Published on January 8th, 2016 | by Christopher Abraham

What to expect at your first karate class

If push came to shove – or even a punch or two – could you defend yourself?

It’s a question we all ask ourselves at some point, and one I decided to address by having a go at one of the most popular forms of self defence, karate.

The word itself is Japanese for ’empty hand’ and the discipline dates as far back at the 14th century in Okinawa.

These days, it’s practised all over the world and is, of course, an Olympic sport, so we’ll be seeing plenty of it in Rio de Janeiro this summer.

The venue for my first lesson was the Shotokan Karate Centre in south London, where taster sessions are offered for complete beginners like me.

Beforehand, I contacted the teacher to get more information about what I needed to take part. I was told to just wear some loose clothing, be ready to train barefooted, and have some water to keep hydrated.

On arrival, I introduced myself to some of the students who varied in age, gender and size and were all at different grading levels. Beginners wear white belts and progress through the ranks until they are black belts.


We started the lesson with a warm-up, doing a light jog around the hall to get the blood flowing, followed by stretches. I noticed that a reasonable level of fitness is required but you don’t necessarily have to be super fit.

The first thing the instructor showed me was the most basic training stance and how to move across the hall. I must admit this felt pretty silly at first, but then I began to see how these movements help with your balance and composure.

Stance is a vital yet simple part of karate that you learn before moving on to strikes and kicks. These include the snap punch, where you have your guard up and strike with your left hand, and the reverse punch where you have your guard up and strike with your right hand while pivoting on your right foot.

Karate involves a lot of patience and attention, and what I found difficult was picking up the correct combinations of punches and kicks. I occasionally got them mixed up and the timing wrong but obviously improved with practice. I certainly got more confident as the session went on.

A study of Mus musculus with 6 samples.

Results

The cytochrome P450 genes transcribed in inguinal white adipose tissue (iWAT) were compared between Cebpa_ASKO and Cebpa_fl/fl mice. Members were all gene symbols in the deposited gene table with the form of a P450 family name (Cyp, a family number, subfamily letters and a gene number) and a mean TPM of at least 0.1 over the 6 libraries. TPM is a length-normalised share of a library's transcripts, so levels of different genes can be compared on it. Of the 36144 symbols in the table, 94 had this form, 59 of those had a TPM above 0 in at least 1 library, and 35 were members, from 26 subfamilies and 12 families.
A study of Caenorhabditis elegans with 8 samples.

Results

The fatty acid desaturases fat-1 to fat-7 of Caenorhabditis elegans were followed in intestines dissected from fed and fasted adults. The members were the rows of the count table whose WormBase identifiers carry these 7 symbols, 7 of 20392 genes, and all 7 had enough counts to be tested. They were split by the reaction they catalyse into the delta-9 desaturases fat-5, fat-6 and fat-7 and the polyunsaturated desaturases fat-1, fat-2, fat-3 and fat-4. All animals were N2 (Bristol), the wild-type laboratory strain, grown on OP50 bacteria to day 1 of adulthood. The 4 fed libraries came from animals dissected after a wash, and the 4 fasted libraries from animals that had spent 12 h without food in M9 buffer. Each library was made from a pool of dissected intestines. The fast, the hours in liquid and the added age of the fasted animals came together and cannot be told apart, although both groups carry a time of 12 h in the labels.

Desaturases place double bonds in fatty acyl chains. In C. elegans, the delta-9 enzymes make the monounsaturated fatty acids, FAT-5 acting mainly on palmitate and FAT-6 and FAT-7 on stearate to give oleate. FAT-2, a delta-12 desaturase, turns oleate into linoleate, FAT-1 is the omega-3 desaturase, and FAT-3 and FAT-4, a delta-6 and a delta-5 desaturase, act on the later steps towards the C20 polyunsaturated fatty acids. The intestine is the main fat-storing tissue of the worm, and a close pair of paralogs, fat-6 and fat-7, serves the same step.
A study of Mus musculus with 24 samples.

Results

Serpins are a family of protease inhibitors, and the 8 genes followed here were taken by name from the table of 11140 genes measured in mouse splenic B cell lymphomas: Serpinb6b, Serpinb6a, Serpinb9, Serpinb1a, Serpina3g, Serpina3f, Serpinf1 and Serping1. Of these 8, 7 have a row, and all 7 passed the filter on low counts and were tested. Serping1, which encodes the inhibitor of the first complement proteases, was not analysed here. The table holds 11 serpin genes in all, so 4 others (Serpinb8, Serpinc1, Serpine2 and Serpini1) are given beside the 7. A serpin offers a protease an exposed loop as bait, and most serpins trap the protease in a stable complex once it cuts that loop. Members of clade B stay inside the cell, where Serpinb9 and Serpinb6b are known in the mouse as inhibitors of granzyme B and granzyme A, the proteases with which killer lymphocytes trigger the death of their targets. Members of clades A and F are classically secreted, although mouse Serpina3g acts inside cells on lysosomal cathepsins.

We then got into pairs to practice blocks on each other and takedown moves, and here it was important to be partnered up with someone of similar weight and size so it would be safer when doing kicks and punches.


The most enjoyable part of the session was sparring, which involved us wearing headguards and pads. Again we did this with partners, with points awarded for successful combinations, which appealed to the competitive streak in me.

Halfway through, the session was slowed down so we could work on our breathing as I was told that you can’t do those combinations effectively and with the correct timing unless you are breathing in and exhaling at the right time.

What I admired a lot about the culture of karate and what I found challenging about it as a sport was the discipline involved.

The class I joined in with is primarily taught for self defence, and if it was found out that a student was using their skills and techniques to hurt people unprovoked then they would be kicked out. Showing respect for others is a vital aspect of this form of martial art.

Overall, I would fully recommend karate as a good way of keeping healthy, becoming disciplined and gaining confidence in your abilities as well as achieving your personal goals.

As well as teaching you how to look after yourself, it’s great training for fitness, mind and body conditioning, hand-eye co-ordination and an effective way to develop a strong mental character.

For more information visit the Shotokan Karate Academy website.